HOST: DJ Abrantee will co-host Africa on the Square with Usiffu Jalloh on October 11

IN SCHOOL, Ghanaian Capital XTRA DJ Abrantee was known to his peers as Leroy - his Caribbean alter ego.
By his own admission, being African in Britain throughout his childhood years wasn’t cool.

“When I was in school, it wasn’t cool to be African, it was much more acceptable to be Caribbean,” he laughs.

“[Back then] we were inundated with images of African children starving, Africa was portrayed as poor, and while that is a reality for some, that is not the only side to the continent.

“Now, obviously, the music is coming through and a lot more young people are going back home to experience Africa for themselves and not relying solely on what they see on TV. It is being seen as a holiday destination and I know a lot of youngsters who go to Ghana every single Christmas and party like it’s Ayia Napa.”

The emergence of African culture to the wider world has been undeniable in recent times from the upsurge of African prints in fashion, entrepreneurship, dance and more obviously in music.

UK based Afrobeats star Fuse ODG was credited with ‘single-handedly bringing [dance craze] Azonto to the world’ with his MOBO award-winning track of the same name.

And Abrantee, himself credited with championing Afrobeats music throughout his years in the spotlight and via his popular Capital XTRA show, further cemented the popularity of the genre among the masses when his mixtape, The Definitive Collection, which blends some of the biggest tracks from the ever-growing genre, shot straight to No.7 in the iTunes chart.

“The influence of music is undeniable,” Abrantee says on the growing popularity of his beloved culture.

“I think the whole Afrobeats movement becoming more commercial has helped push the culture forward to no end,” he says.

“African artists are putting out music videos like the American artists and, as you know, we’re heavily influenced by music and videos. When you see people like [Afrobeats star] P-Square teaming up with [US rapper] Rick Ross or [fellow Afrobeats star] Wizkid joining the same management company as [UK rapper] Tinie Tempah, people stand up and pay attention and are like, ‘Oh ok, this is Africa? I want to be a part of this.’ It challenges stereotypes and forces people to investigate what is blowing up around them.”

One of those people researching the continent and its ever-growing popularity among the masses is the Mayor of London, Boris Johnson, whose brainchild, Africa on The Square will take place in Trafalgar Square on October 11.

The event, much like the Notting Hill Carnival is to the Caribbean contingent, will celebrate African culture in the city’s capital.

For one day, attendees will experience the best in African cuisine, live music from some of the hottest acts and have a chance to explore an African market where they can purchase authentic products spread over 30 stalls.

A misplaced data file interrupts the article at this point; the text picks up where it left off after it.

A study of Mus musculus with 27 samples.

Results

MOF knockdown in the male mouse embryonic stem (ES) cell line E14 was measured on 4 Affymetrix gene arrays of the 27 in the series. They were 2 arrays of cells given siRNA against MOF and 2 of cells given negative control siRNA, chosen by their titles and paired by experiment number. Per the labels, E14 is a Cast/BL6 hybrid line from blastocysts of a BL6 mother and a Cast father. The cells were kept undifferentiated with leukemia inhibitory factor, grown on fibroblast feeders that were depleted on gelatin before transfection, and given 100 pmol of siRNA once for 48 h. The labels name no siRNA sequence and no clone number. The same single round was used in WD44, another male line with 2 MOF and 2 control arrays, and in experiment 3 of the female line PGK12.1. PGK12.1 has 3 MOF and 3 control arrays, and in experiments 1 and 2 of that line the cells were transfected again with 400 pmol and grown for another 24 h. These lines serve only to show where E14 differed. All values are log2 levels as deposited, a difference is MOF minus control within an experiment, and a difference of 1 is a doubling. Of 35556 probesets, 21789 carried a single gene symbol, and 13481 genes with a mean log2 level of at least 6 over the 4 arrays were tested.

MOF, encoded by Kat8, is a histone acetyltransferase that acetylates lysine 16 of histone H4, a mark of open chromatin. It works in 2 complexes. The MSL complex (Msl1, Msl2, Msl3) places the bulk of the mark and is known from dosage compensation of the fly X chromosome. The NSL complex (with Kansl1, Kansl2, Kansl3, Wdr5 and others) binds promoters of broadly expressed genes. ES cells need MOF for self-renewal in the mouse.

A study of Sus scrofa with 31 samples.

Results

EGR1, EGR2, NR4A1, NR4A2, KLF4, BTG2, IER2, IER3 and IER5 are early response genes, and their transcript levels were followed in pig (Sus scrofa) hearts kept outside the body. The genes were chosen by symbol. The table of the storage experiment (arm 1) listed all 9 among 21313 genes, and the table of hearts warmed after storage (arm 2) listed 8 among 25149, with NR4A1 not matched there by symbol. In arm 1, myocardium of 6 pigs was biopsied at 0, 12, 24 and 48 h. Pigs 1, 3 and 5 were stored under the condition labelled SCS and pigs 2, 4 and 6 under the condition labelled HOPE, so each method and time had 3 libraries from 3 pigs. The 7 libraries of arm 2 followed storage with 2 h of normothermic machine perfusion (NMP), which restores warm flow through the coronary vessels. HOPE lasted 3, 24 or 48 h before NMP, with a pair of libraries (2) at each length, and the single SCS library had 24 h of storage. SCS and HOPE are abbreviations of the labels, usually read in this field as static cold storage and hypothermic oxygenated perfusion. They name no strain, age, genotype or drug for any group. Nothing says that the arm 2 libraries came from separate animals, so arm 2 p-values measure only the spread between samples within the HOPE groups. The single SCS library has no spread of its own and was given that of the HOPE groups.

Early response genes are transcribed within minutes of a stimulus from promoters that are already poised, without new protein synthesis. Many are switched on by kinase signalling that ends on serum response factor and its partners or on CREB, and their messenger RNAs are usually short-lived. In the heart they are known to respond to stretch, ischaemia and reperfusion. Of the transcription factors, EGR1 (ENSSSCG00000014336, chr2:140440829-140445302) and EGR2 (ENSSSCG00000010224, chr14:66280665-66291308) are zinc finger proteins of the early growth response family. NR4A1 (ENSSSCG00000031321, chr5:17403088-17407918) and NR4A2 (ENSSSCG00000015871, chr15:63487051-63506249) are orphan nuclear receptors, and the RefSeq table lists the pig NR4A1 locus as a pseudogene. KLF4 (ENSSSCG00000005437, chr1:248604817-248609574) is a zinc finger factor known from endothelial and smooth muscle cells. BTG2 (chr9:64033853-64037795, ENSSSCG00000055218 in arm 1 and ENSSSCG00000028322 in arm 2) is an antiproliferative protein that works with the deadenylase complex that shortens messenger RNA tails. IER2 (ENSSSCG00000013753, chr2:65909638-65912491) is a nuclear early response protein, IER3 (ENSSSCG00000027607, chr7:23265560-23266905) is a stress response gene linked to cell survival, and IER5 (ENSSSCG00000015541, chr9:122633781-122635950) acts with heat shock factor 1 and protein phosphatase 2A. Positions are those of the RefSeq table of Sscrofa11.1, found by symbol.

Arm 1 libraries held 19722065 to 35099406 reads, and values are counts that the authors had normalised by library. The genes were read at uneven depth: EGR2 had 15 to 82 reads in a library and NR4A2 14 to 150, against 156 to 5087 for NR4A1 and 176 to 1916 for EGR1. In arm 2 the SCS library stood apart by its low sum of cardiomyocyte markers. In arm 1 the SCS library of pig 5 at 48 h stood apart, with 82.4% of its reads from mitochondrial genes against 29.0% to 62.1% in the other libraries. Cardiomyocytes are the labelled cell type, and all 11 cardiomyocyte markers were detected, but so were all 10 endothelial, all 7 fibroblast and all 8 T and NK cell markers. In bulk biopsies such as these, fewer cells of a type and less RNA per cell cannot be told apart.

On what may have sparked the Mayor’s interest in celebrating African culture in the capital, Abrantee responds: “The mayor obviously heard my Afrobeats show on Capital XTRA and was like, ‘Yo, I need to be a part of this blood. Abrantee, what you saying?

“Seriously, though, I want to commend the Mayor of London for putting this event on and saying, ‘we’re going to celebrate Africa.’ Africa is one of the biggest continents there is and there is a large percentage of Afrcans in London and the UK. To do it in Trafalagar Square is a big statement, which is a really good look.”

Abrantee and performer Usifu Jalloh from Sierra Leone, also known as ‘The Cowfoot Prince’, will host the one-day event, which promises to be a day of “absolute joyful blessings”.

“You’ll have performances from Nigeria’s Dele Sosimi’s Afrobeat Experience, Zimbabwe’s Anna Mudeka Band and Somalia’s Aar Manta, so it’s talent from across the entire continent,” he says. “It’s about bringing the positive light to Africa. You’ve got fashion shows, an African market, African food, family workshops, drumming tutorials - the list is endless. It’s about bringing an African vibe to central London and that will hopefully have a knock-on effect.

“The reason why carnival is so successful is because it embraces the culture of African Caribbean people so at the end of the day people see that and think, ‘let me go to Jamaica, let me go to Barbados’ and they start investigating the foundation of the culture and that’s what is important.”

Abrantee is also keen to point out that despite the name having the potential to seem quite niche, it is an inclusive event.

“Although it’s Africa on The Square, it’s not just for Africans,” he says. “It’s for everybody to come down and experience the day.”